MAST – an evaluative framework for telemedicine innovations
Mon. 10. Dec 2018 12:36
In ImpleMentAll, our ultimate goal is to develop a toolkit for tailored eHealth implementation, the ItFits-toolkit. Our assessment of the ItFits-toolkit as a potentially valuable innovation will be based on several frameworks. The “Model for Assessment of Telemedicine” (MAST) is one of them.
MAST is a framework for assessment and evaluation of telemedicine innovations in the healthcare sector.
The model was developed to provide a basis for the decision of whether a telemedicine innovation is beneficial to the patients and the healthcare system or not. Many digital innovations do not give value for money the first times they are implemented, this is just how innovations work; they are implemented, assessed, and then altered before being implemented again. MAST provides a structure to help decision makers gather the knowledge necessary to form a foundation for the right decision.
When developing MAST, the researchers asked 50 different European healthcare decision makers what they would like to know before deciding whether an innovation should be implemented. Based on these answers, they detected 7 domains that are crucial to explore when making this decision:
- The first domain concerns which health problem the innovation will deal with and the innovative technology that is used to solve the problem.
- The second domain concerns the patient’s safety in relation to the innovation, including clinical and technical safety.
- The third domain is clinical effectiveness, that is, which effect the innovation has on the life and health of the patient.
- The fourth domain is patient perspectives; this concerns the patient’s experience of the innovation.
- The fifth domain concerns the economic aspects: how much the innovation costs to buy and implement and what are the economic consequences.
- The sixth domain is the organisational aspects, including how the staff experiences the innovation when working with it.
- The seventh and last domain concerns the socio-cultural and legal aspects such as law and ethics.
The information used to describe the outcomes of telemedicine within each domain must be based on science and scientific methods. In some cases, e.g. when the telemedicine service involves moving hospital treatment of patients with serious illnesses to their own home, a randomised trial with a significant number of participants is needed. In other cases, interviews with a small cohort of patients with experience with the telemedicine service may be sufficient.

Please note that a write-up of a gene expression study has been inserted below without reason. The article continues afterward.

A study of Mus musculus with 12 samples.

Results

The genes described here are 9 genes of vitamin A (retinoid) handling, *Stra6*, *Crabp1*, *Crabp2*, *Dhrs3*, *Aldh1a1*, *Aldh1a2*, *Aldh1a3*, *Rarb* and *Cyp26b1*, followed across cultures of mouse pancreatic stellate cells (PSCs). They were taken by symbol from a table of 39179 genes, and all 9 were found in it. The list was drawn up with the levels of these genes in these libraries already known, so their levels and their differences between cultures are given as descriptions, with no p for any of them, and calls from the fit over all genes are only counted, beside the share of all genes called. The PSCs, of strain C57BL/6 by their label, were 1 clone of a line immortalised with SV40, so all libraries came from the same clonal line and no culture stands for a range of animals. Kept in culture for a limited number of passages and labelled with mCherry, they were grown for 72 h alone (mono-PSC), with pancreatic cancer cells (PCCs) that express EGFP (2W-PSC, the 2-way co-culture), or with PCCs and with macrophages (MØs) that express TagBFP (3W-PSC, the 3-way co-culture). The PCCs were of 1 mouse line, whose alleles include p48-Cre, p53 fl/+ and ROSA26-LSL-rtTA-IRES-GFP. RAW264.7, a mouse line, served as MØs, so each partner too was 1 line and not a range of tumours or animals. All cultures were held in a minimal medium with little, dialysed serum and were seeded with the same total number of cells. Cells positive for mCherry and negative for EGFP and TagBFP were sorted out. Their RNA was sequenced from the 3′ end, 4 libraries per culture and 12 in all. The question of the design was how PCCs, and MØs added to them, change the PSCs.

”The seven domains of MAST are based on what European healthcare decision makers need when making decisions on whether to buy new telemedicine services or not. Therefore, MAST can help companies and innovators in identifying the most relevant information about their new technology and avoid unnecessary data collection,” says Kristian Kidholm, one of the developers of MAST.
The assessment must start with preceding considerations to determine whether it is relevant for an organisation to carry out the assessment and whether the technology and the organisation are sufficiently matured and prepared. After the preceding considerations, the multidisciplinary assessment is carried out to describe and assess the different outcomes of the innovation. The outcomes and description of patients and the innovation can be divided into the seven domains described above. Finally, in relation to the description of the outcomes, an assessment should also be made of the transferability of the results.
Commenting on the value and effectivity of MAST, Kristian Kidholm says, ”Our delphi study from 2017 showed that MAST is valid and does provide the information about telemedicine that decision makers need.”
To match the project's complexity, the evaluation carried out in IMA will be based on and inspired by several frameworks, including MAST. If you have any questions or comments on MAST, please make sure to write them below, we would love to hear your inputs!